Coke to Improve Water Efficiency 25%

Coke bottles

by | Jun 6, 2013


The company announced the new goal yesterday and also released its 2013 Water Stewardship and Replenish Report, which details Coke’s progress over the past year working toward its goal to replenish 100 percent of the water used in its beverages and their production by 2020.

Report highlights include:

  • Coke replenished an estimated 52 percent of the water used in its finished beverages (81.1 billion liters) through 468 community water projects with local communities, governments and partners across more than 100 countries, improving safe water access and sanitation for more than 1.82 million people.
  • The company became more efficient in its water use by reducing the amount of water used per liter of product produced, even as production volumes increase. Its water efficiency is now 2.12 liters of water per liter of product produced, a 21.4 percent improvement since 2004 and a 5.9 percent improvement toward its 2020 goal.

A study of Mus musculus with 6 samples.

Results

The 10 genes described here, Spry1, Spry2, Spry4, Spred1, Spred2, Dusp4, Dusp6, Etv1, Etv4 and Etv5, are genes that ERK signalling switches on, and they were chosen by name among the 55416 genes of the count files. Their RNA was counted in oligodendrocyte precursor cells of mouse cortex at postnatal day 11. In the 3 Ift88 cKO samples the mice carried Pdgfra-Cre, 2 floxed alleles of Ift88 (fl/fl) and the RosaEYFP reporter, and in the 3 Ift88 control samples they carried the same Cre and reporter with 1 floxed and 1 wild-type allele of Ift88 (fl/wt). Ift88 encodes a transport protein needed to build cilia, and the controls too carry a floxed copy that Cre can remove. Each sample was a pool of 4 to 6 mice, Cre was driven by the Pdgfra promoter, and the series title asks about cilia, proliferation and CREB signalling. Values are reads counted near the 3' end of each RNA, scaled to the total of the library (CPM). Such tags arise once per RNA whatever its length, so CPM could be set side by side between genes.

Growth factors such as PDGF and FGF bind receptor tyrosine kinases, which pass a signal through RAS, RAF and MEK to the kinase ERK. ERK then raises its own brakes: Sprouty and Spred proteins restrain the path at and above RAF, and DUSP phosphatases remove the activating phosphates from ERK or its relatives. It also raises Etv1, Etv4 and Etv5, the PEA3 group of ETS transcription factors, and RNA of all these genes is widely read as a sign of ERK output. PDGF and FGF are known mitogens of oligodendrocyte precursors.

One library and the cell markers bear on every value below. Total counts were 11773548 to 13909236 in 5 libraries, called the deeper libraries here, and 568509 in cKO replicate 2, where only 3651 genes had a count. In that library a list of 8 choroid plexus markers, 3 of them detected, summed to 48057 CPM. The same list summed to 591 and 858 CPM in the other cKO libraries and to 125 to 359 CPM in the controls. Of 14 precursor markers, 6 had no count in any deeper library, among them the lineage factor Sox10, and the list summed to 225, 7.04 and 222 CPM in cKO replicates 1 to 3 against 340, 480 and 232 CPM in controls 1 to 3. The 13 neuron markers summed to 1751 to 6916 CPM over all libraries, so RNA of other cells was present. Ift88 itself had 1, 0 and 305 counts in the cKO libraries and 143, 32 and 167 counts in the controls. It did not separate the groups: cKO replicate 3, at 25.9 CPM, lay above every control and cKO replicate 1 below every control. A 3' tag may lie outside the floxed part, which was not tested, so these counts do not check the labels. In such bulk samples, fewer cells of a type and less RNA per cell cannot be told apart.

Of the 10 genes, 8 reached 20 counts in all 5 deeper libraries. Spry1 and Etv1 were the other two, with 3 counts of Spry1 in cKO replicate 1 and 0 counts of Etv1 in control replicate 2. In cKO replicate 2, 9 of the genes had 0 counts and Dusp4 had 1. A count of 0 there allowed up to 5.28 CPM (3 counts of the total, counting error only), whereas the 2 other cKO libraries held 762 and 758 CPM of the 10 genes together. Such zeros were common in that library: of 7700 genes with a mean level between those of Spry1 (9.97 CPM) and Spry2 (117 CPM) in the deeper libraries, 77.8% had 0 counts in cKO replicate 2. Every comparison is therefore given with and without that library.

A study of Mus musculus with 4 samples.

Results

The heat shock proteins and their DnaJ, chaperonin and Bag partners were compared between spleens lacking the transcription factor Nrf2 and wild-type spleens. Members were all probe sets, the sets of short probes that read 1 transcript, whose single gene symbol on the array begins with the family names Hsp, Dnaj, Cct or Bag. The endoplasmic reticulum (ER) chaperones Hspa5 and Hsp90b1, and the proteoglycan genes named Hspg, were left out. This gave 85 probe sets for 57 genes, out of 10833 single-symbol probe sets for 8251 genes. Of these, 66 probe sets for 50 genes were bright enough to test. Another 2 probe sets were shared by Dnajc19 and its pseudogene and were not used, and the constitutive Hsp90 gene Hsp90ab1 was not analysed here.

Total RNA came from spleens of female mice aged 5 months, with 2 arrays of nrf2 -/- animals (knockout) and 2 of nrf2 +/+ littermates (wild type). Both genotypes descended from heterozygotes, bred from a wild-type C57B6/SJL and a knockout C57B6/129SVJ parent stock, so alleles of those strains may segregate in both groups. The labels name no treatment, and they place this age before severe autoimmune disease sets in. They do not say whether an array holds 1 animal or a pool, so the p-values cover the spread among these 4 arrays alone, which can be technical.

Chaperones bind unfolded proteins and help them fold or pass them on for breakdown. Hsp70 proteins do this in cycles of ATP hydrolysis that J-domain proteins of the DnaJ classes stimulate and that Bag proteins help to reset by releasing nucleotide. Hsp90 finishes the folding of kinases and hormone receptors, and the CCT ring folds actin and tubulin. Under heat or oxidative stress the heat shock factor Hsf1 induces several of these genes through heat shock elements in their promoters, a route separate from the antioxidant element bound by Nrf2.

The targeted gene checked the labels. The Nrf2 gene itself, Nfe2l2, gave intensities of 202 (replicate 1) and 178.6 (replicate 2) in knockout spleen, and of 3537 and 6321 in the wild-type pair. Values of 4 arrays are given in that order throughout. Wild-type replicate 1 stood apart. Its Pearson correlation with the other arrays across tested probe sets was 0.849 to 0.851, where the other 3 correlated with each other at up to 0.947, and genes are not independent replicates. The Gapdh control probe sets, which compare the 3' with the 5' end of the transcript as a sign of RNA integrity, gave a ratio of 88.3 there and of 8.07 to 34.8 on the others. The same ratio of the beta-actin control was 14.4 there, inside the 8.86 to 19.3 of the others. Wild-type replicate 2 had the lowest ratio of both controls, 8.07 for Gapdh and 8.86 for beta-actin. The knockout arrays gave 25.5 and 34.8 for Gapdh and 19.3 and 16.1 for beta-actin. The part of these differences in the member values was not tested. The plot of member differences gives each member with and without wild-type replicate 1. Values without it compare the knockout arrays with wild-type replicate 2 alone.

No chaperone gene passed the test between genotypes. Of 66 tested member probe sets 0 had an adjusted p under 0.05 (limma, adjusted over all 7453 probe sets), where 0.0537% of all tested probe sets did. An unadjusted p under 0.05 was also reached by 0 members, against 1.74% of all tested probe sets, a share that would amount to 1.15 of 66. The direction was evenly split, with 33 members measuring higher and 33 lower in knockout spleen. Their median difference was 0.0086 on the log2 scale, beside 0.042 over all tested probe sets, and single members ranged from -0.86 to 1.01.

• Coke bottling plants have achieved 98 percent alignment with the company’s wastewater treatment standards around the world and are recycling wastewater, treating it to strict standards and returning it to nature at a level that supports aquatic life.

In April, Coca-Cola partnered with WaterAid to provide safe drinking water to one of the poorest suburbs of Burkina Faso’s capital city, Ouagadougou, in western Africa, and in two rural communities in southern Ethiopia. The partnership supports the company’s Replenish Africa Initiative (RAIN) goals: to help provide safe water access to 2 million people in Africa by 2015.

In March, PepsiCo announced it has achieved its goal — almost three years early — of partnering to provide access to safe water to 3 million people in developing countries and has doubled its original commitment. The company has now pledged to provide access to safe water to an additional 3 million people by the end of 2015.